UPDATE, 12:32 PM: Google resumed trading at 3:20 ET and is hovering around -8%. It also released an official version of the earnings report with a quote from CEO Larry Page that does little to help his image. Instead of forthrightly acknowledging Google’s problems, he says that it had a “strong quarter” and he’s “really excited about the progress we’re making creating a beautifully simple, intuitive Google experience across all devices.”

Related: Google CEO Apologizes For Earnings SNAFU As Company Talks Up Android

PREVIOUS, 11:26 AM: What a mess. Google’s stock price fell more than 9% shortly after noon ET when, the company says, publisher R.R. Donnelley & Sons released a draft of the earnings report “without authorization.” The search giant reported Q3 net earnings of $2.18B, down 20.3% vs the period last year, on revenues of $11.53B, +18.6%. That’s short of the $11.86B analysts expected. And earnings per share of $9.03 missed the $10.65 that the Street anticipated. One reason for the decline: Google took a $349M charge related to its acquisition in May of Motorola Mobility. But Google says it suspended trading in the stock while it sorts out the problems from the early release of the earnings report, which was supposed to be made public after the market closes. The filing clearly wasn’t ready: On top of the press release — where the company typically runs a comment from CEO Larry Page — it says: “PENDING LARRY QUOTE.” Donnelley is “fully engaged in an investigation to determine how this event took place and are pursuing our first obligation – which is to serve our valued customer,” the company told The Wall Street Journal.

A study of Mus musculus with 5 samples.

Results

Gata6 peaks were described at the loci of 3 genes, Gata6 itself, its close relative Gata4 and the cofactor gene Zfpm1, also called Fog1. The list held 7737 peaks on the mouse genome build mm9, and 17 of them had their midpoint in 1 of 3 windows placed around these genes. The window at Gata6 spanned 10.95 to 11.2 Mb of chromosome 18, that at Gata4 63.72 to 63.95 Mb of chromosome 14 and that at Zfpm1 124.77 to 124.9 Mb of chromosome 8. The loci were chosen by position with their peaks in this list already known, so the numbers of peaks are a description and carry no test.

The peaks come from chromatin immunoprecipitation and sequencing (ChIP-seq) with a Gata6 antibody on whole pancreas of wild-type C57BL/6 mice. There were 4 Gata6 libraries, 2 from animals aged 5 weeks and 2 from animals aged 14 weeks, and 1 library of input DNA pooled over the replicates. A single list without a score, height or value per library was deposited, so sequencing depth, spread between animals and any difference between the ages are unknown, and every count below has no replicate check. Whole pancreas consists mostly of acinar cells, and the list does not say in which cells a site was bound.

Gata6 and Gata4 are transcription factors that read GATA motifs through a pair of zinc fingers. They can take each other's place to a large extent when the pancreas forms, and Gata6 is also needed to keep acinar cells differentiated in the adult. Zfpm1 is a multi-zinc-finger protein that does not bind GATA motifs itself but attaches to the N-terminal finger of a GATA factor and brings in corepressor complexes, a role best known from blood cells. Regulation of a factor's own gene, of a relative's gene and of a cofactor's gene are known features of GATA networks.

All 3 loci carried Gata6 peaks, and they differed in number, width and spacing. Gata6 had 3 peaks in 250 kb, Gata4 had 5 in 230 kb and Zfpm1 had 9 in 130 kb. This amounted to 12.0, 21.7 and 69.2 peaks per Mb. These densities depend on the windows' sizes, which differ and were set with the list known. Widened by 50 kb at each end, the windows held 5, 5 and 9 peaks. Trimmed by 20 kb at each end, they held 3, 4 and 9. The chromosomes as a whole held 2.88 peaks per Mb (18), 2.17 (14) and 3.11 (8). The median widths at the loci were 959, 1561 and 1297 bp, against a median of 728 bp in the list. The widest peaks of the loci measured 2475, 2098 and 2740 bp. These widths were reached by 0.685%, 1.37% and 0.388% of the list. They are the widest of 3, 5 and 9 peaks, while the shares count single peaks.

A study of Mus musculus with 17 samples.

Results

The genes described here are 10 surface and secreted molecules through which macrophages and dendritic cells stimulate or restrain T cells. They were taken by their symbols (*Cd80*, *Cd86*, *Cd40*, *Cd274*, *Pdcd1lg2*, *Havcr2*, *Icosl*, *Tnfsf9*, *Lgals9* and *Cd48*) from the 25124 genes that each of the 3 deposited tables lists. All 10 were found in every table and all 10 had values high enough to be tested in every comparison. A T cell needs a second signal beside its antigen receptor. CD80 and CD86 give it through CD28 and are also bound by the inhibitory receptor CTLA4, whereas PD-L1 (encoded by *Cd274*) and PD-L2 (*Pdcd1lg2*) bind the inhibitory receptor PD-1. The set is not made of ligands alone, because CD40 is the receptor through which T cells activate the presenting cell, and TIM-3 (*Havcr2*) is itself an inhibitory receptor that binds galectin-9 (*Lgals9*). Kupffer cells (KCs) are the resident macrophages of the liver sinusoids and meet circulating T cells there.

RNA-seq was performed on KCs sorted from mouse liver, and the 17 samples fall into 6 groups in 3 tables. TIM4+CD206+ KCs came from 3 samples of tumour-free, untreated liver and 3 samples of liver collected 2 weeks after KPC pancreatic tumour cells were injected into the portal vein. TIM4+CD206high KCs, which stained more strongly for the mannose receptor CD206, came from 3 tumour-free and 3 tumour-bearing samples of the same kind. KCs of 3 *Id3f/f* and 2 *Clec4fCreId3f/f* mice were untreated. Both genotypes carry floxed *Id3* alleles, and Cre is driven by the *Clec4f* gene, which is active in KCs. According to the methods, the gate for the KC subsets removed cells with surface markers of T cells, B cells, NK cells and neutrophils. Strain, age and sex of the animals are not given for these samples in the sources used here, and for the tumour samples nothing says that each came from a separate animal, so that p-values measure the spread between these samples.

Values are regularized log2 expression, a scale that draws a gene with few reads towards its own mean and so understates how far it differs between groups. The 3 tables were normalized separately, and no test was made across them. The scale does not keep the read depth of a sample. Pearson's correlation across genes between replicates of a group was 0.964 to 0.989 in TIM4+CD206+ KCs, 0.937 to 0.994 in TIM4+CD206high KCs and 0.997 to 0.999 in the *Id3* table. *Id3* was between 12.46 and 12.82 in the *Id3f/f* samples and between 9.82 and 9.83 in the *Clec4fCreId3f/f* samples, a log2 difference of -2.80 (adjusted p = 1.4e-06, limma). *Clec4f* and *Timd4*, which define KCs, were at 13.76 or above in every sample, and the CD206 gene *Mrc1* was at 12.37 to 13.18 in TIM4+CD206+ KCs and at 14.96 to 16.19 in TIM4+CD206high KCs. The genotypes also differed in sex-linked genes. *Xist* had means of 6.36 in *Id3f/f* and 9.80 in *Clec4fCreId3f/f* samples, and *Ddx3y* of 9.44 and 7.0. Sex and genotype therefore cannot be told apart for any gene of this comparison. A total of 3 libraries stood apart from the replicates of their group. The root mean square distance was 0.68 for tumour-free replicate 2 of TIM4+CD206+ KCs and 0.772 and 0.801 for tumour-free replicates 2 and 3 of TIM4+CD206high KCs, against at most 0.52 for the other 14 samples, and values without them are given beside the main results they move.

Meanwhile, the Google earnings showed surprising weakness in several areas. For example the price per click was down about 15%, possibly due to the company’s inability to charge as much for mobile as it can on other platforms. Revenues at Motorola Mobility also were -20%. Barclays Equity Research’s Anthony DiClemente says that the Google sell off “presents a buying opportunity” since the Street “was overly optimistic going into the quarter and did not fully discount the potential [Motorola Mobility] drag on the business.”